British government launches consultation on same-sex marriage

March 15, 2012

(ENInews)--The British government on March 15 launched a 12-week
consultation in England and Wales that is widely expected to lead to the
legalization of same-sex marriage, despite strong opposition from the Roman
Catholic Church and conservative elements within the Church of England.

"Should two people who care deeply for each other, who love each other and who
want to spend the rest of their lives together be allowed to marry?" Home
Secretary Theresa May asked in The Times on March 15.

"That is the essential question behind the debate over the government's plans to
extend civil marriage to same sex couples," she said.

The coalition government led by Prime Minister David Cameron (Conservative) and
his deputy, Nick Clegg (Liberal Democrat) has made it clear that it wants to see
a law which allows gays and lesbians to marry before the next general election
in 2015. It is also supported by the opposition leader, Ed Milliband (New
Labour).

But the consultation will also include an option of retaining the status quo and
that has met with the approval of senior church figures, as well as a number of
Conservative MPs.

The plans for same-sex weddings only covers civil marriages for gay and lesbian
couples. Religious buildings would only be used where church, temple, mosque or
synagogue leaders wished to offer that ceremony.

If the reform goes ahead, it would only affect same-sex couples in England and
Wales, not Northern Ireland or Scotland (which make up the rest of the U.K.).
Last year, the Scottish Government held its own consultation process and
received more than 50,000 responses.

The decision to go ahead with the consultation was taken despite fierce
opposition from Christian church leaders. The Church of England on March 15  issued a statement saying that the Church of England/Archbishops' Council will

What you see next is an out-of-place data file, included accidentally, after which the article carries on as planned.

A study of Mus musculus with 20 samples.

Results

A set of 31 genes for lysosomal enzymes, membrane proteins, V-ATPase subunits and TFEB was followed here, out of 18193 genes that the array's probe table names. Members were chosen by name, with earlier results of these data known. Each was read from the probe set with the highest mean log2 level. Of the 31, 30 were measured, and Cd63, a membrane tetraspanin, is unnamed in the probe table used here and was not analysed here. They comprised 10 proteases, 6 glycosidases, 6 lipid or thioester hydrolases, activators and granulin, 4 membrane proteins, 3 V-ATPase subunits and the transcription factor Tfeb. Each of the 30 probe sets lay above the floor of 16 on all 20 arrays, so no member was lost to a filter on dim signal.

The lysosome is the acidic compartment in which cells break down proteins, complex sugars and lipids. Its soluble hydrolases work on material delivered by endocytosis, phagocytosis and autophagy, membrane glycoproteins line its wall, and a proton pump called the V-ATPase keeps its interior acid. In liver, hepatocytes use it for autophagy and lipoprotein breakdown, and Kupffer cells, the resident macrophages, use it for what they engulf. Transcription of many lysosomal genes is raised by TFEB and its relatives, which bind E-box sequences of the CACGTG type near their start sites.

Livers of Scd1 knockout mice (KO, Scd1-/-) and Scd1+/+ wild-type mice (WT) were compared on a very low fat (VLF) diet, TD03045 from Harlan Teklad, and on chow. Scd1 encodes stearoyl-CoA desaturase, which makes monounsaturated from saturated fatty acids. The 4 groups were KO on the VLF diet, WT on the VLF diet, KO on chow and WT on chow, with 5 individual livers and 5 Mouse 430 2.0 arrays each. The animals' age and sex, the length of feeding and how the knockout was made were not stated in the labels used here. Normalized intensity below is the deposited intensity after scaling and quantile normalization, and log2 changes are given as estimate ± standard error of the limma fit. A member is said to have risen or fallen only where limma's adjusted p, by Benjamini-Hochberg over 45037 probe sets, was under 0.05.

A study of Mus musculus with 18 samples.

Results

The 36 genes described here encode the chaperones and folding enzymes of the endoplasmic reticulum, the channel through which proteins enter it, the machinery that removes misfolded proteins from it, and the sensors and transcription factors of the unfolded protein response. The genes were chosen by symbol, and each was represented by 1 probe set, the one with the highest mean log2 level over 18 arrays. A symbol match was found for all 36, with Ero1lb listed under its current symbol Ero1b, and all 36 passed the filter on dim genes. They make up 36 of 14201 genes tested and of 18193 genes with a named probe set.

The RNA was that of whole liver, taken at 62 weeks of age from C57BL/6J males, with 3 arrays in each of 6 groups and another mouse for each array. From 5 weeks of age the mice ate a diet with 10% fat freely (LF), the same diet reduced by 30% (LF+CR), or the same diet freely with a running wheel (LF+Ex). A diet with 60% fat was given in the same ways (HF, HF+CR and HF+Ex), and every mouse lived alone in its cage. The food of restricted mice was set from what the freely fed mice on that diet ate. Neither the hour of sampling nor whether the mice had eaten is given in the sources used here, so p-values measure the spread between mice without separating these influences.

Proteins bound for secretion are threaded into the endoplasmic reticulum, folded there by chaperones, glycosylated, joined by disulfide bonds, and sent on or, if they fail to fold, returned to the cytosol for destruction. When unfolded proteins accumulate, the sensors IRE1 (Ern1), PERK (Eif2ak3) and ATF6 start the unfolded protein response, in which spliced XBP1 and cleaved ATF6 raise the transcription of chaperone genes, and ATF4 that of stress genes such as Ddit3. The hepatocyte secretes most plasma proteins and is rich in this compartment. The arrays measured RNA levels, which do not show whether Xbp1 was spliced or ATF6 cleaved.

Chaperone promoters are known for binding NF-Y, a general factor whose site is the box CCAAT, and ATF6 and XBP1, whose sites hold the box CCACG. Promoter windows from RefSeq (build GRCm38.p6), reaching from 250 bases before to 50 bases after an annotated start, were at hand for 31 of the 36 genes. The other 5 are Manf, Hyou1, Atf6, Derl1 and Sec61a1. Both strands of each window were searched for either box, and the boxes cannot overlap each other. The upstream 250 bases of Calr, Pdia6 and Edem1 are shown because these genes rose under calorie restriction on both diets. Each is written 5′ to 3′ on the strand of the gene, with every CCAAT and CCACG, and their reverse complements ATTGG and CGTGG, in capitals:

study the government's consultation on whether to redefine marriage and respond
in due course.

"The Church of England is committed to the traditional understanding of the
institution of marriage as being between one man and one woman," a statement
said.

On March 11, Roman Catholic priests read out a pastoral letter signed by two
leading clerics, the Archbishop of Westminster Vincent Nichols and the
Archbishop of Southwark Peter Smith.

It warned Britain's estimated four million Roman Catholics that "changing the
legal definition of marriage could be a profoundly radical step. It's
consequences should be taken seriously." The letter was read by priests from
2,500 pulpits in churches across England and Wales.

Earlier, Cardinal Keith O'Brien, the leader of Scotland's estimated 500,000
Roman Catholics, described as "grotesque" plans for same-sex weddings. He said
if a law was passed making same-sex weddings legal it would "shame the United
Kingdom in the eyes of the world."

The Archbishop of Canterbury and leader of the 77 million strong worldwide
Anglican Communion, Rowan Williams, has cautioned that the law should not be
used as a tool to bring about social changes, such as gay marriage.

But other religious groups, including Quakers, Reform Jews and Unitarians, have
welcomed it.

Several countries recognize same-sex marriage, including Argentine, Belgium,
Canada, Iceland, Netherlands, Norway Portugal, Sweden, Spain, South Africa. In
the U.S., same-sex marriage is legal in eight states.

Civil partnerships were introduced in the United Kingdom in 2005. They gave same
sex couple the same legal rights as married couples. Those in favor of same-sex
marriage say it would lift another barrier to equality and give gays and
lesbians the same rights as those enjoyed by heterosexual couples.